30 July 2017

Taking care of those who took care of you

Seniors who face elder abuse have 3 times the risk of death compared to those not facing abuse. Joe Kuczynski reports.

A study conducted by the Metlife Market Institute estimates that elder abuse costs American’s about $3 billion dollars a year, and that number, they believe, is conservative.

Even more concerning is that seniors who face elder abuse have three times the risk of death compared to those not facing abuse. That is why it’s critical to pay attention to the warning signs.

“Physical abuse, sexual abuse and neglect issues are usually a part of an elder abuse situation," Eileen Rodden said. "Abusers use those tactics to acquire access to money and to homes.”

Rodden works as Project Coordinator at the Women’s Center of Jacksonville, an organization offering support and education to woman about abuse. She also works to educate people on providing the proper care for an incapacitated loved one, and the challenges facing guardians, something she knows about personally.

“I took care of my own mother who had Alzheimer’s for 5 years before she passed away..." Rodden said. "As a caregiver it is a frustrating situation you feel like you could do more you try to do more but then you have all your other duties.”

Rodden said that most negligence or abuse does come from nonprofessional care givers, family members or neighbors. That’s not necessarily because of wicked intent, but more often it’s because they’re inexperienced in taking care of a senior. 

Fortunately, there are workshops that can teach and support those taking on the responsibility, but if you suspect someone of committing elder abuse, it’s important to know that there are resources out there to put an end to it.

Read more: http://www.firstcoastnews.com/life/taking-care-of-those-who-took-care-of-you/460410550

Couple sentenced; Asheville x2; Carers who do not care

PRINCETON — A Bluefield, Va. husband and wife were sentenced Monday for the severe neglect of an 87-year-old woman which resulted in severe bed sores and broken bones.

A Mercer County jury found Monty Bone, 58, and his wife Sonja Bone, 51, both of Bluefield, Va. guilty last May of charges including abuse of an incapacitated adult resulting in bodily injury.

Both the husband and wife were charged with felony abuse of an incapacitated adult, felony neglect of incapacitated adult malicious assault and conspiracy. The case started on July 17, 2015 when Detective K.L. Adams of the Bluefield Police Department was contacted by physicians at Bluefield Regional Medical Center about a Bluefield woman, 87-year-old Nancy Bone, who was brought to the hospital on July 11, 2015. Doctors said she showed signs of abuse.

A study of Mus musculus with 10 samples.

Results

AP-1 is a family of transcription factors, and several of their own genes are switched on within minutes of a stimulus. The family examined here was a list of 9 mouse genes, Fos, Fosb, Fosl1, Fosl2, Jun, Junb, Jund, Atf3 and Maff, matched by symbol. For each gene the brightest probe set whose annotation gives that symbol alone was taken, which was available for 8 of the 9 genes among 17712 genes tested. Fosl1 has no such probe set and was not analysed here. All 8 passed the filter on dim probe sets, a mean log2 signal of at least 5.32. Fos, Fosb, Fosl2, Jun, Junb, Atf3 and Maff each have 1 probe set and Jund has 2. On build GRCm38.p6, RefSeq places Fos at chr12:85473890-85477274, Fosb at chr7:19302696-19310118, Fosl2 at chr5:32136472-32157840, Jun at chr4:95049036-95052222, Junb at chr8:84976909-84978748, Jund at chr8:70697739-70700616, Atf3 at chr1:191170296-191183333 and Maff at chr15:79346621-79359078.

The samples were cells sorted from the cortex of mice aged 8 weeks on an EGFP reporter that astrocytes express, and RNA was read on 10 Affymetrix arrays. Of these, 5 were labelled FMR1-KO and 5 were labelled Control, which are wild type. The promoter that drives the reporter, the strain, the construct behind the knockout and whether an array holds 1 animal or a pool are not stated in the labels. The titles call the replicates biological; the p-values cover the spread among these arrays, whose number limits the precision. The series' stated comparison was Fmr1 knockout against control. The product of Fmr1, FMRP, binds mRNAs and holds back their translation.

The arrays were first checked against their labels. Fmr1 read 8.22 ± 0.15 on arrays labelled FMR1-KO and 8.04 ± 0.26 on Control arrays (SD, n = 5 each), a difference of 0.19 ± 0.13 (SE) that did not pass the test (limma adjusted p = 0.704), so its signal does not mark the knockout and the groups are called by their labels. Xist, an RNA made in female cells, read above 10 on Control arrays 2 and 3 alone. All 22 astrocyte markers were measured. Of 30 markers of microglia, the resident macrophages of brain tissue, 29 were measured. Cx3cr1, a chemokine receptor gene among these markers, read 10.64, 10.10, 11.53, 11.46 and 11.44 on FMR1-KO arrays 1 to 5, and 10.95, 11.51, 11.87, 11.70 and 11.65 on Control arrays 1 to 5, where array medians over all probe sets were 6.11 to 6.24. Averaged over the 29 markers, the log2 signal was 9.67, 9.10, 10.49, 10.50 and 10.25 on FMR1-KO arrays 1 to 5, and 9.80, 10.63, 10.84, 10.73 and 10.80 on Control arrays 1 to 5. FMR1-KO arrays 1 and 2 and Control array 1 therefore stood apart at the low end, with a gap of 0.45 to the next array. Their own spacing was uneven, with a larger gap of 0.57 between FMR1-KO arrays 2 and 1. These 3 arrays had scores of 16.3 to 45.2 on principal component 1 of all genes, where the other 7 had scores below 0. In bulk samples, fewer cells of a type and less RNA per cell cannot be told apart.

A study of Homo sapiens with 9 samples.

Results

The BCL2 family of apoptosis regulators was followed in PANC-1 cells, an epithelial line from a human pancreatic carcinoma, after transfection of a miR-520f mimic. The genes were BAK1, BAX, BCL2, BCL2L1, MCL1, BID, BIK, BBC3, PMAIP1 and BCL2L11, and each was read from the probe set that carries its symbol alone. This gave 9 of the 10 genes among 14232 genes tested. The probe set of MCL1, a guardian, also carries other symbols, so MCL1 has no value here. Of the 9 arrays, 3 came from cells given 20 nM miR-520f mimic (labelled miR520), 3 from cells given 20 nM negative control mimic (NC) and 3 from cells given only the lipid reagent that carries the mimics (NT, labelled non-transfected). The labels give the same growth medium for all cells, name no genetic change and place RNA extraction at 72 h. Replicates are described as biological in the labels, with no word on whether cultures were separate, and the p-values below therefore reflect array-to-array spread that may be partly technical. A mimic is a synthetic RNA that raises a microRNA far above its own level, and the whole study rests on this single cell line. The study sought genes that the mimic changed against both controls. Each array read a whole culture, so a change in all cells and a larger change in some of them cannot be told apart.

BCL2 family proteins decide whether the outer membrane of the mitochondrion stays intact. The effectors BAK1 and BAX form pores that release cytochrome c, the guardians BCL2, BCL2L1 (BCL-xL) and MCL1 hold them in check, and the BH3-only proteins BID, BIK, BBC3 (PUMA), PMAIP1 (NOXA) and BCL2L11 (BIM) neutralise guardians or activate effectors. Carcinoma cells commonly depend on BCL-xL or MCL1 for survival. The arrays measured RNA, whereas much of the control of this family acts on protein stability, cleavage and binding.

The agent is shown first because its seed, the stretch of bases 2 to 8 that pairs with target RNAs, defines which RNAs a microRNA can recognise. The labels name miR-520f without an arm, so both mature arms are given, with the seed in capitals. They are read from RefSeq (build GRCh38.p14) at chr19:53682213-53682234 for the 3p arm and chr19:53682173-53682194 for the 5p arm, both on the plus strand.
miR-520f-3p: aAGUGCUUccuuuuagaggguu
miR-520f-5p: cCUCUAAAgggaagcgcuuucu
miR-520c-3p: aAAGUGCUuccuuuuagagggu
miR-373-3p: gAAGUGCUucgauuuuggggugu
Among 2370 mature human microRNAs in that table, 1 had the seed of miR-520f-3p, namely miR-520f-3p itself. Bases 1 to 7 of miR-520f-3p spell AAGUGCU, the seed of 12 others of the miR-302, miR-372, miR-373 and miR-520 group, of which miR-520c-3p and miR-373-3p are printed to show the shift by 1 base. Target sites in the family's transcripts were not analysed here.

Asheville police report that a 77-year-old woman suffering from dementia was victimized by a man she tells News 13 was her longtime handyman.

“Part of it is my fault,” said the victim, who asked not to be identified, “because he got my credit card.”

She explained what she says led to police charging her former handyman, Terry Gibson, with exploitation of an elder and harassment.

According to police warrants, Gibson is charged with using over $5600 of the victim’s money without her permission.

“I got alerted from my bank,” said the victim, who said she came to depend on Gibson to help her in her home.

At first glance they have little in common: men and women of disparate ages and racial backgrounds, from all four corners of the country.

But they share one utterly shameful bond; they have all mistreated vulnerable elderly people in their care, with a depravity that is truly sickening.

Two weeks ago, a Mail investigation highlighted shocking levels of abuse of the elderly by so-called carers in Britain, as well as the derisory sentences handed down to those who are caught.

The charity Action on Elder Abuse (elderabuse.org.uk; 080 8808 8141) is campaigning for a change in the law so that crimes against senior citizens are recognised as aggravated offences. 

09 July 2017

Dementia Patient Repeatedly Punched by Medical Worker

The family of an 89-year-old dementia patient has released horrifying video that shows the man being punched repeatedly by a nursing home employee.
“It was gut-wrenching,” the man’s grandson, Daniel Nassrallah, told InsideEdition.com Wednesday. “Literally, my legs collapsed” after viewing the footage, he said.
Relatives of Georges Karam installed a video camera in his room at the Garry J. Armstrong long-term care center in Ottawa, Canada, after the elderly man suffered numerous, unexplained injuries, they said.
Nassrallah said the facility “never really gave us an answer” about the bruises and cuts they found on Karam’s body, so with the center’s permission, a baseball-sized camera was installed on the wall facing the man's bed in February, said Nassrallah, an attorney. The staff was told about the device, he said.
A few weeks later, Nassrallah said, he and his wife were watching the footage from his grandfather’s room when they saw a caregiver enter, and act aggressively. “He threw him around the bed,” Nassrallah said.
“My grandfather started to flail and tried to bat him away,” he said. “Then he started punching my grandfather in the head.”
The video shows the employee, Jie Xiao, hitting the man 11 times. Nassrallah said his grandfather is non-verbal and confined to a wheelchair.